The Little Review (littlereview) wrote,
The Little Review

Poem for Monday and Blackfriars Playhouse

Lament for Zenocrate
By Christopher Marlowe

Black is the beauty of the brightest day,
The golden belle of heaven's eternal fire,
That danced with glory on the silver waves,
Now wants the fuel that inflamed his beams:
And all with faintness and for foul disgrace,
He binds his temples with a frowning cloud,
Ready to darken earth with endless night:
Zenocrate that gave him light and life,
Whose eyes shot fire from their ivory bowers,
And tempered every soul with lively heat,
Now by the malice of the angry skies,
Whose jealousy admits no second mate,
Draws in the comfort of her latest breath
All dazzled with the hellish mists of death.
Now walk the angels on the walls of heaven,
As sentinels to warn th'immortal souls,
To entertain divine Zenocrate.
Apollo, Cynthia, and the ceaseless lamps
That gently looked upon this loathsome earth,
Shine downwards now no more, but deck the heavens
To entertain divine Zenocrate.
The crystal springs whose taste illuminates
Refined eyes with an eternal sight,
Like tried silver runs through Paradise
To entertain divine Zenocrate.
The Cherubins and holy Seraphins
That sing and play before the King of Kings,
Use all their voices and their instruments
To entertain divine Zenocrate.
And in this sweet and curious harmony,
The God that tunes this music to our souls,
Holds out his hand in highest majesty
To entertain divine Zenocrate.
Then let some holy trance convey my thoughts,
Up to the palace of th'imperial heaven:
That this my life may be as short to me
As are the days of sweet Zenocrate.


We are home after another lovely day in Staunton with Cheryl, where, after breakfast in the hotel, we went walking around the sleepy town, looking at the churches and visiting the firehouse with restored 1911 fire engine and 9/11 memorial. As the shops started to open, we went to see glassblowing at Sunspots Studios, had lunch at Taste of India which has possibly the best vegetarian Indian buffet in the mid-Atlantic, tried to visit the maps exhibit at the Augusta County Historical Society though it was closed, and stopped in the Staunton visitor's center.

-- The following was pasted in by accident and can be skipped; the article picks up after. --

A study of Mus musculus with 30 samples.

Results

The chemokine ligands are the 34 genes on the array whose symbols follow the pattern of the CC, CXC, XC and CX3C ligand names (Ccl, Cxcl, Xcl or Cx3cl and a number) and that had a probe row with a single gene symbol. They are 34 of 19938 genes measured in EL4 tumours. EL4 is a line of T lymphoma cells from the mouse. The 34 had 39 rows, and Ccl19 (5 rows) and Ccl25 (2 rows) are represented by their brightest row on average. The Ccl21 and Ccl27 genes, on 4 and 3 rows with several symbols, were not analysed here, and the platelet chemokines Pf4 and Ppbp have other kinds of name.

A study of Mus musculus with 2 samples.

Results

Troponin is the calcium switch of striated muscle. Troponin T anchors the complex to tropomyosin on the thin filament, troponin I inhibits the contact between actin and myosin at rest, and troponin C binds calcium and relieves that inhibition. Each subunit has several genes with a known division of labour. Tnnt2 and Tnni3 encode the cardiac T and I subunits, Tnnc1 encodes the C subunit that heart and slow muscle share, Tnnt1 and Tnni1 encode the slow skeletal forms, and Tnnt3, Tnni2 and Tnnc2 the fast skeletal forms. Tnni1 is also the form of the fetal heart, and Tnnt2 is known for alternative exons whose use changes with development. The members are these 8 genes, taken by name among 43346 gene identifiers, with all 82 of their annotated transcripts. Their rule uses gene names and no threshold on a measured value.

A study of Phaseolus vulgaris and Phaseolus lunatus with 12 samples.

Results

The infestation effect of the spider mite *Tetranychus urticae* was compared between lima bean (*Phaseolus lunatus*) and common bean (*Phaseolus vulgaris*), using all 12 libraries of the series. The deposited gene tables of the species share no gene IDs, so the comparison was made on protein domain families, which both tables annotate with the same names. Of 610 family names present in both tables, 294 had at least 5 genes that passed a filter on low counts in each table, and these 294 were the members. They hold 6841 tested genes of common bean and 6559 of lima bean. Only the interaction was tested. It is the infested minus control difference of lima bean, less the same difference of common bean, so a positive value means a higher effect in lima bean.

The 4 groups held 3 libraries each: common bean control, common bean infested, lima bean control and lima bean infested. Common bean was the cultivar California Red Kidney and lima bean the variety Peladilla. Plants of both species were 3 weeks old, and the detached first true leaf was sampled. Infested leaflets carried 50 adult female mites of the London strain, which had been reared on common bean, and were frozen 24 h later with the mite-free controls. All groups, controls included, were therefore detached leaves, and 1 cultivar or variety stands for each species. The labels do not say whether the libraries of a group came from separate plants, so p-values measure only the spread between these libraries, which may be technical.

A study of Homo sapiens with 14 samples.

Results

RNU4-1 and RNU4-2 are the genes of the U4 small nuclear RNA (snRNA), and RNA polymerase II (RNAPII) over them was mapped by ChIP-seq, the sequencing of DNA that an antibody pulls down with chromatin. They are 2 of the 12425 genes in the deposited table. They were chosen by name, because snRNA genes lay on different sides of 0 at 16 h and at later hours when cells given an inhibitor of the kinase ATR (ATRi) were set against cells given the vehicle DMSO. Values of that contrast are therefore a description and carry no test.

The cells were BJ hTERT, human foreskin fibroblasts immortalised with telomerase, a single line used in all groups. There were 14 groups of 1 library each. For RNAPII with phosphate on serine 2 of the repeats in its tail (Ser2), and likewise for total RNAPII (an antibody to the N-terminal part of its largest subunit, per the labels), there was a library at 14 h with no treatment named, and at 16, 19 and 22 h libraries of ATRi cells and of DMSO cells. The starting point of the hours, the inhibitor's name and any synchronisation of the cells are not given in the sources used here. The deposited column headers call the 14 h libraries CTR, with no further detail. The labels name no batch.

Then we went to see Marlowe's Edward II, which was excellent -- I have seen two filmed versions but had never seen it performed live, and as always the acting at the American Shakespeare Center was terrific and the production very dynamic with a minimum of props. There were a few audience members apparently scandalized by the actors kissing on stage, who fled at the intermission, making us wonder what they were expecting from the very homoerotic poster even if they knew nothing about the drama. We were more shocked that they portrayed the deposed king's ultimate fate on stage.


Sorry about the quality of the photos -- I had thought none were allowed, so only had my phone with me, though they let audience members back into the Blackfriars after the play ended to take pictures. We said goodbye to Cheryl and had a relatively traffic-free if depressingly-in-the-dark drive back home, where we arrived just in time for Once Upon a Time, which we ate dinner while watching. Now we are watching the horror that is the Ravens-Steelers game -- let's just say that Baltimore is having an even worse day than DC football-wise -- and petting our neglected cats.